Lauren Moses

Feb. 22, 2015


Virginia visits No. 17 North Carolina on Thursday night and then hosts No. 8 Louisville next Sunday afternoon at John Paul Jones Arena.

"We need to play a top-25 team, because we need to beat a top-25 team," UVa coach Joanne Boyle said. "So it's coming at the right time ... For me, it's just about our poise and our fight. If we have those two things going for us, we'll always have a chance."

The Cavaliers have lacked poise in crucial stretches on numerous occasions this season, most recently in an overtime loss at Pittsburgh last week. On Sunday afternoon, however, Virginia kept its composure late and continued its mastery of Virginia Tech.

The Wahoos, who trailed by three at halftime, dominated the final 20 minutes and won 73-59 before a crowd of 3,772 at JPJ. The victory was the 18th straight for the `Hoos in a series they lead 45-10.

"It's a rivalry, and you always want to beat the team next door," said junior guard Faith Randolph, who scored 17 points for Virginia (16-11, 6-8), which ended a four-game losing streak.

 

 

Against Pitt on Thursday night, Virginia led by 10 with 5:47 remaining in the second half but ended up falling 68-63 in OT.

Against Virginia Tech, UVa led by eight with 5:10 left. But the Hokies rallied behind guard Vanessa Panousis, who scored nine points in a 59-second span, and with 4:08 to play the Cavaliers' lead was only three.

No collapse followed this time. A slick layup by freshman forward Lauren Moses pushed UVa's lead to 60-55. Back-to-back baskets by Randolph followed -- the second a fast-break layup off a pass from freshman guard Mikayla Venson -- and the Cavaliers' lead was suddenly nine with only 2:20 to play.

The Hokies "got loose and [made] some 3s, but after they hit two, we really started to lock down defensively," Boyle said. "I thought we did a good job there. And then I thought we executed well down the stretch. We used the clock, and we got good shots and we got to the free-throw line and we made our free throws, so I thought game management down the stretch was much better for us as well."

UVa went 9 for 10 from the line in the final 1:56 to hold off the Hokies (10-18, 1-14), who have lost eight straight since defeating Wake Forest on Jan. 23.

"Virginia had a little more toughness and made, obviously, winning plays," Virginia Tech coach Dennis Wolff said, "and when we needed to, we didn't."

For the `Hoos, the final stretch was one to savor. In most of their losses, Boyle said, the Cavaliers have "been playing a good 30 minutes. Our problem has been, we haven't been able to play 40, and lately it's been the last 5-7 minutes of the game. So that's been our struggle. It's not as though we've just played horrible basketball for the last couple of games. It's just been how we've finished games."

Venson matched her career high with 22 points and did so in efficient fashion, making 6 of 10 shots from the floor, including 2 of 4 from beyond the arc, and 8 of 8 from the line. She also had three assists, three rebounds and four steals.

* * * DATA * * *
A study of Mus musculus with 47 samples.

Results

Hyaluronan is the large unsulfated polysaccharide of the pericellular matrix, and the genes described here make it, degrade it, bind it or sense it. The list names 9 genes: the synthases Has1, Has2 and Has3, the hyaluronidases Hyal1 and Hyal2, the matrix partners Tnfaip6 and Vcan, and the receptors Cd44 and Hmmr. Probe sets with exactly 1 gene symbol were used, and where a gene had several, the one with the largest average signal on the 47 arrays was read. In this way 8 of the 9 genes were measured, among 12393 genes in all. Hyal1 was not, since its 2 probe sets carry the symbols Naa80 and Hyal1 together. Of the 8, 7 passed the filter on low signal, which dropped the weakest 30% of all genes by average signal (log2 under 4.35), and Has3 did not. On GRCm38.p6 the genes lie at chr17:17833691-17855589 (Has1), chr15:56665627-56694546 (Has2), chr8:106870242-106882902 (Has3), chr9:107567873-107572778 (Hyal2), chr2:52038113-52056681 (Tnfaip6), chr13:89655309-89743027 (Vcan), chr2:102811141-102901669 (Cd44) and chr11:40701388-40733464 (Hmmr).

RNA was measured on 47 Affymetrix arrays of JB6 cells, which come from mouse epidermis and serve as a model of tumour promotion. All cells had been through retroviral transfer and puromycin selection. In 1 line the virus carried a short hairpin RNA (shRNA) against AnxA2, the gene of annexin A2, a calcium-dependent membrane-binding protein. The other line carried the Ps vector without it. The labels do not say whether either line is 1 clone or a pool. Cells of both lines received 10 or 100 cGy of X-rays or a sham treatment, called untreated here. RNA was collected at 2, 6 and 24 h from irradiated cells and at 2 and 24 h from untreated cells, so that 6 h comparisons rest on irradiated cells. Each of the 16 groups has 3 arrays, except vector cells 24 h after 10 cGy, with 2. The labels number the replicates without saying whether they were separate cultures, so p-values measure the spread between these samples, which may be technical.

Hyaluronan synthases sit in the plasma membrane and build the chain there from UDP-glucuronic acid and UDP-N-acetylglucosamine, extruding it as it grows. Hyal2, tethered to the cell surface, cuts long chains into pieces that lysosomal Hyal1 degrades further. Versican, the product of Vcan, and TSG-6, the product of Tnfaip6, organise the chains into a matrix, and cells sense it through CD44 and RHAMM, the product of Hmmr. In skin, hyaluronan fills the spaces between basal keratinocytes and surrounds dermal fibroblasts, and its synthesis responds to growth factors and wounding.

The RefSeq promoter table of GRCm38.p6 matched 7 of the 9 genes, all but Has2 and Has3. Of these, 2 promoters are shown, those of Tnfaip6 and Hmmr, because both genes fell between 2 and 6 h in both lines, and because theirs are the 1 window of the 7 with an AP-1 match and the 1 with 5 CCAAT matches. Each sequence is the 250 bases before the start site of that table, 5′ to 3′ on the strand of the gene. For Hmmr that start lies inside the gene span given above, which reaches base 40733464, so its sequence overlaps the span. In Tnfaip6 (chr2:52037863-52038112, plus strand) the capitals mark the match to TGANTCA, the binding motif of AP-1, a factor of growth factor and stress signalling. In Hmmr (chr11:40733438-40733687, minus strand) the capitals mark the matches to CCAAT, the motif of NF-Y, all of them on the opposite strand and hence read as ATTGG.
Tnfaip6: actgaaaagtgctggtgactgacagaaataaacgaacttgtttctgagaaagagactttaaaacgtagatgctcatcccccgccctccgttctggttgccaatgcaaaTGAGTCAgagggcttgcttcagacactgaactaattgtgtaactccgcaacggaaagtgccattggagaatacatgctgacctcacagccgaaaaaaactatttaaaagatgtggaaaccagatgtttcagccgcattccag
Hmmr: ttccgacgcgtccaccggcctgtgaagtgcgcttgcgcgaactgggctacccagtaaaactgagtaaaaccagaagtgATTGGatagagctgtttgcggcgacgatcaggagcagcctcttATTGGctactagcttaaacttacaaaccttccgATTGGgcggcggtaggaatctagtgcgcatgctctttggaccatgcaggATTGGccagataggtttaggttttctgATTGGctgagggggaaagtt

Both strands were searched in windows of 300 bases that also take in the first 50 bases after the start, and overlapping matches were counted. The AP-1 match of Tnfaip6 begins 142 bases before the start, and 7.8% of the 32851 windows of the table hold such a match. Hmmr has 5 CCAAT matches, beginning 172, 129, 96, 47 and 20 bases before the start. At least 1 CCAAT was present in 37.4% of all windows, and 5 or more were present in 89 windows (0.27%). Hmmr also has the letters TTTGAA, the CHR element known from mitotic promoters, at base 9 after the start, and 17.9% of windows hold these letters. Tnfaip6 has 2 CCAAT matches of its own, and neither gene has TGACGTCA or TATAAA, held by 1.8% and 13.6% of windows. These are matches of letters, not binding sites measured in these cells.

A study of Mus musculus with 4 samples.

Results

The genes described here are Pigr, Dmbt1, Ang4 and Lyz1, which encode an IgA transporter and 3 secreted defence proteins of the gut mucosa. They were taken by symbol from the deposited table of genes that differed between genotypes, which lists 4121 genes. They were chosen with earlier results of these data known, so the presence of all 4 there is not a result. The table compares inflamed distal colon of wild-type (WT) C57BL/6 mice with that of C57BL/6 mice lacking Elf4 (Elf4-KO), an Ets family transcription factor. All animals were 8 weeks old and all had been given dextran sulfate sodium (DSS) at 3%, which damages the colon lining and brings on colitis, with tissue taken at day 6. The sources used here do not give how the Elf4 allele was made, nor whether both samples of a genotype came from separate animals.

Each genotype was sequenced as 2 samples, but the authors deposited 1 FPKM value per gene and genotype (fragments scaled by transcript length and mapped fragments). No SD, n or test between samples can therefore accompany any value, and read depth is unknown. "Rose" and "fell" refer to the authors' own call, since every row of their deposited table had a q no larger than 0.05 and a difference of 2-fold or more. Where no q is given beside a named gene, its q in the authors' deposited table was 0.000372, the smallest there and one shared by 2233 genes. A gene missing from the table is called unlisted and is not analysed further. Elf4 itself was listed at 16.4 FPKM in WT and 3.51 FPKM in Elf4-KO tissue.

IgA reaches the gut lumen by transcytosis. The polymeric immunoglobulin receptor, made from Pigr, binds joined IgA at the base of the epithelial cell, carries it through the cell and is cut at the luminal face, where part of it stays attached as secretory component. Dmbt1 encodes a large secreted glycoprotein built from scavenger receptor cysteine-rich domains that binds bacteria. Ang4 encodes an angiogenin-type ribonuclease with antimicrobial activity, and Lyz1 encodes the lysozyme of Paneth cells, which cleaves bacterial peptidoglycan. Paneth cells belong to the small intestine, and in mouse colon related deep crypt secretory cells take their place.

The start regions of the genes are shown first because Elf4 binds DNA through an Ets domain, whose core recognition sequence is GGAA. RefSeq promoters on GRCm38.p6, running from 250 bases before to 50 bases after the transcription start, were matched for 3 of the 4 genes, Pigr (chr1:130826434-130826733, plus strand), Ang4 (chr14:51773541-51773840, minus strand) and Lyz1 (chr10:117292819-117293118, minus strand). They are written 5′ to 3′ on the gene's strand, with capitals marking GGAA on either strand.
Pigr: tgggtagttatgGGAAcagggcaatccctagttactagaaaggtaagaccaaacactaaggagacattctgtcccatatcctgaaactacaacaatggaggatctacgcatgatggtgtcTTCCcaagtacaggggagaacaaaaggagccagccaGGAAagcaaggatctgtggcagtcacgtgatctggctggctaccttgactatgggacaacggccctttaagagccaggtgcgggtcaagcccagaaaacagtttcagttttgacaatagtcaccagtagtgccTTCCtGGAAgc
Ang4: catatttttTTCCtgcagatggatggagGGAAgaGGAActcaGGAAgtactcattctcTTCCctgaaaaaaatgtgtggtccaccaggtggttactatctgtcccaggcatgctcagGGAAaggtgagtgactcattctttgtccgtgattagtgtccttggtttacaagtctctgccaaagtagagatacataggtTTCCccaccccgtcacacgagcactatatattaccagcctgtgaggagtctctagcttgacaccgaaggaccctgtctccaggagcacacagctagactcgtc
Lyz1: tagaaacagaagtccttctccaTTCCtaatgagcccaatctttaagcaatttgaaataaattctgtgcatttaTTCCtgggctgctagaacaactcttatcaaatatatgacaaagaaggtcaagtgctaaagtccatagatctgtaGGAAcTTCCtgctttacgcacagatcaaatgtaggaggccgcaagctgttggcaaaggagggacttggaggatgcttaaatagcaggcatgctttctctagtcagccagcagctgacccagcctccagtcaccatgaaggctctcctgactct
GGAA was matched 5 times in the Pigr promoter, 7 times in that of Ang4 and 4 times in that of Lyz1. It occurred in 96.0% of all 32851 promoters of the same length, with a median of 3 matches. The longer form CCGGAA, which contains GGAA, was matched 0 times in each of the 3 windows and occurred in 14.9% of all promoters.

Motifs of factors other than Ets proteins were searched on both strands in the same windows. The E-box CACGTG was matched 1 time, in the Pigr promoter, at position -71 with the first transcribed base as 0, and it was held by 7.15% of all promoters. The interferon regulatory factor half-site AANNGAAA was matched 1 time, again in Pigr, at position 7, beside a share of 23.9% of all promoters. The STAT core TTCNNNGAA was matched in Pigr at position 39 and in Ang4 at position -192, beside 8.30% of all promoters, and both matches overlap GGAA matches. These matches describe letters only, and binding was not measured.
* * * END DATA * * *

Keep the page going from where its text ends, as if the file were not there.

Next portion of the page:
Wolff probably has seen enough of Venson for one season. In the Cavaliers' 62-47 win in Blacksburg on Jan. 4, Venson hit three treys and scored 13 points.

"She's a good player, and I thought she was good the first time," Wolff, a former assistant on the UVa men's team, said Sunday. "She's had a good year. She can make a play for herself. [For ACC] teams that have somebody that can makes plays for themselves, that's a big advantage."

The Cavaliers stumbled through much of the first half Sunday, turning the ball 12 times and committing 10 fouls. Tech wasn't much better, though, and two Venson free throws gave Virginia a 28-24 lead at the 4:23 mark. Those, however, were the final points UVa scored in the first half.

In the locker room, Boyle did not mince words with her players, and they responded as she hoped they would.

"I just felt like they kind of came out with a different sense of urgency and a toughness about them in the second half," Boyle said.

On an afternoon when All-ACC candidate Sarah Imovbioh was uncharacteristically quiet, in part because foul trouble limited her playing time, Virginia received an enormous lift from Moses. She came in averaging 5.7 points. She finished with 13.

"It was big," Boyle said, "because it takes pressure off of S.I., and I told [Moses] in the locker room I thought she had one of her better games. She really was complete on both ends of the floor for us tonight."

Imovbioh, a 6-2 redshirt junior, entered the game averaging 13 points and 10.8 rebounds. She totaled five points and seven boards in 24 minutes.

"She's just got to keep working," Boyle said. "It's great that Lauren was able to step up, but we're always going to need S.I."



A 1985 graduate of UVA, White worked at the Richmond Times-Dispatch until July 2009. He was honored six times as the state's Sportswriter of the Year.